During the Neonatal stage, puppies begins their Early Neurological Stimulation which keeps up throughout this phase of growth and into the next. Our Titan pupsreceive Early Neurological Stimulation from birth until 16 days of age.
Body handling is a key component to conditioning the puppies to be comfortable with not only being held but also having different extremities manipulated so ideally they will be more comfortable at Veterinary appointments as well as with children. Near the end of this stage begins new object introduction to the puppies everyday; anything from pots/pans to children’s toys. Introducing various objects at such a young age helps to foster curiosity and comfortably with changes so that the puppies learn to adjust as their environments alter over time.
Every moment counts in the development of a young puppy. So we prepare our puppies using Early Neurological Stimulation, otherwise called the “Super Dog” Program. We also implement elements of Jane Lindquist’s “Puppy Culture” socialization methods as preliminary training for all our puppies.
These programs allow our puppies to get off to a better start in life through sound desensitization, socialization, (possibly) clicker conditioning, and more.
These exercises condition your new puppy to comfortably meet new objects and people and teach them how to learn so that training is easy and smooth as they transition to their new life with you.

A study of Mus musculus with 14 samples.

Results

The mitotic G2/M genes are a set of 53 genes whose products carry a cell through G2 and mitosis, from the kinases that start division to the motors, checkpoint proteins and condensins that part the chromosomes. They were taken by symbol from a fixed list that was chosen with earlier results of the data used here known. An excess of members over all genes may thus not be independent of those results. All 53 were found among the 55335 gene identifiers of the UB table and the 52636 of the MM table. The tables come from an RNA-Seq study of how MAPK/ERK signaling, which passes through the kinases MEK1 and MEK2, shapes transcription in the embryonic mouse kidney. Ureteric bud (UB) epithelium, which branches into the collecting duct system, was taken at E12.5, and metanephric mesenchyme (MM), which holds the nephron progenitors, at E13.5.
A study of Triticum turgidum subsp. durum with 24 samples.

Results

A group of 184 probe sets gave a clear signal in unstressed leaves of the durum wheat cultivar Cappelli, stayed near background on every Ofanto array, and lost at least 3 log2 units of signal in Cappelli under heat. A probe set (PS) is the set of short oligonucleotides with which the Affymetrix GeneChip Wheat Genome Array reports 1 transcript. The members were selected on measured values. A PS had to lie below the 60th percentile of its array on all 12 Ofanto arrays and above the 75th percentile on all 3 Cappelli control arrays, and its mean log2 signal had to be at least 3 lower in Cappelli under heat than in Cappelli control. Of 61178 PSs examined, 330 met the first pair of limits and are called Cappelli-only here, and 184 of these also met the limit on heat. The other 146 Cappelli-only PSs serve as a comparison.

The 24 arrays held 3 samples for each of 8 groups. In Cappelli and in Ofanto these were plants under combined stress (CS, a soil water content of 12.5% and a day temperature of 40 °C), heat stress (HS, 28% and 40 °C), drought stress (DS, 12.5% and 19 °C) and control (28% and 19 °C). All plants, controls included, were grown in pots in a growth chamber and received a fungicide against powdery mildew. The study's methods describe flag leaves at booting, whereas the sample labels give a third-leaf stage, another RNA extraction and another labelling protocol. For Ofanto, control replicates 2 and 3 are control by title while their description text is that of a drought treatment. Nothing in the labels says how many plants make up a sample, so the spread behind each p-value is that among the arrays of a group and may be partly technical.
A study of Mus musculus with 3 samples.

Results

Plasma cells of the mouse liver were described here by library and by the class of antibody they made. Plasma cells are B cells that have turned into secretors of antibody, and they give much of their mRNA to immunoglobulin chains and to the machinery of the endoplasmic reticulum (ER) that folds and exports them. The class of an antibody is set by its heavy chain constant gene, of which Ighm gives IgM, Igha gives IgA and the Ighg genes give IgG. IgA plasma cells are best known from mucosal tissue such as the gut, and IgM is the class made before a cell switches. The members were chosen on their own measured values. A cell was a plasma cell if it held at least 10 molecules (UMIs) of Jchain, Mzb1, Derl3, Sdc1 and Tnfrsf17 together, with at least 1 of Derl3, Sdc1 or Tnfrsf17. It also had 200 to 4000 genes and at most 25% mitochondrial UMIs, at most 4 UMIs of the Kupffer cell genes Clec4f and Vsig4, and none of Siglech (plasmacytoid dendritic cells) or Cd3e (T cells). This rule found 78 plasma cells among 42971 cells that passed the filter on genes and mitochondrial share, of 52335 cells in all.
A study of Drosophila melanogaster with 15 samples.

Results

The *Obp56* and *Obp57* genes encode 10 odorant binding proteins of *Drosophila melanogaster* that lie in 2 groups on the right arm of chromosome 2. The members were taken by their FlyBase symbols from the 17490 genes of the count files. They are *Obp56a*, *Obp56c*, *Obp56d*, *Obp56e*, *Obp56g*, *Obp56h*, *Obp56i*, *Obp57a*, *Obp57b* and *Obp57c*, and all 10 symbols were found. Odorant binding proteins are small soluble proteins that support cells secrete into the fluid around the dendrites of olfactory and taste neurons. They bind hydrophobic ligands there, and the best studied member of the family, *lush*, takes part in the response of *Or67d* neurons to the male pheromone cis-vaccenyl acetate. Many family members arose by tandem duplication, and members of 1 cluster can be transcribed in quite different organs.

Dogs that receive ENS as puppies have:
Stronger adrenal glands
Higher stress tolerance
Greater resistance to disease
Improved cardiovascular performance
The five exercises of Early Neurological Stimulation are conducted for 3-5 seconds each. These exercises are listed below.
Head held erect
Head pointed down
During the transitional stage (2 weeks to 21 days of age), the puppies gains their sight and hearing. While continuing the the three components from the Neonatal stage, they start receiving separation from their litter and mother and learn to feel at ease with humans. Since ENS ends on day 16, each puppy is given increased body handling and tactile stimulation.
With ears opening during this next stage, the socialization stage, the puppies are introduced to sharp sounds. Puppies aren’t born with a fear response, so startling sounds at this impressionable age allow us to build up their startle recovery so they aren’t fearful of noises as easily down the road. Separation from their litter and mom, body handling, socializing with people, and new object introduction continues throughout this critical growth period.
Here’s a quick overview of all your puppy learns beginning at four weeks:
Recall (“Come.”) is one of the most important commands any canine can learn because sometimes it can save lives.
Due to resource guarding being a common problem we create a CER within your puppy that shows them that humans coming towards their toys or food is nothing to worry about.
The puppies are introduced to trusted adult dogs to allow exposure and socialization with dogs of various sizes, coat types, and energy levels.
We set up new challenges for the puppies to problem solve, which can result in a quicker learning curve.
The puppies gets an hour in the crate to rest, causing them to become comfortable in a crate much quicker than puppies who aren’t introduced until later in life.
Six - Seven Weeks
We can now begin administering temperament tests, install micro-chips and perform ear crops. Prospective families in pick positions are notified to begin the selection process.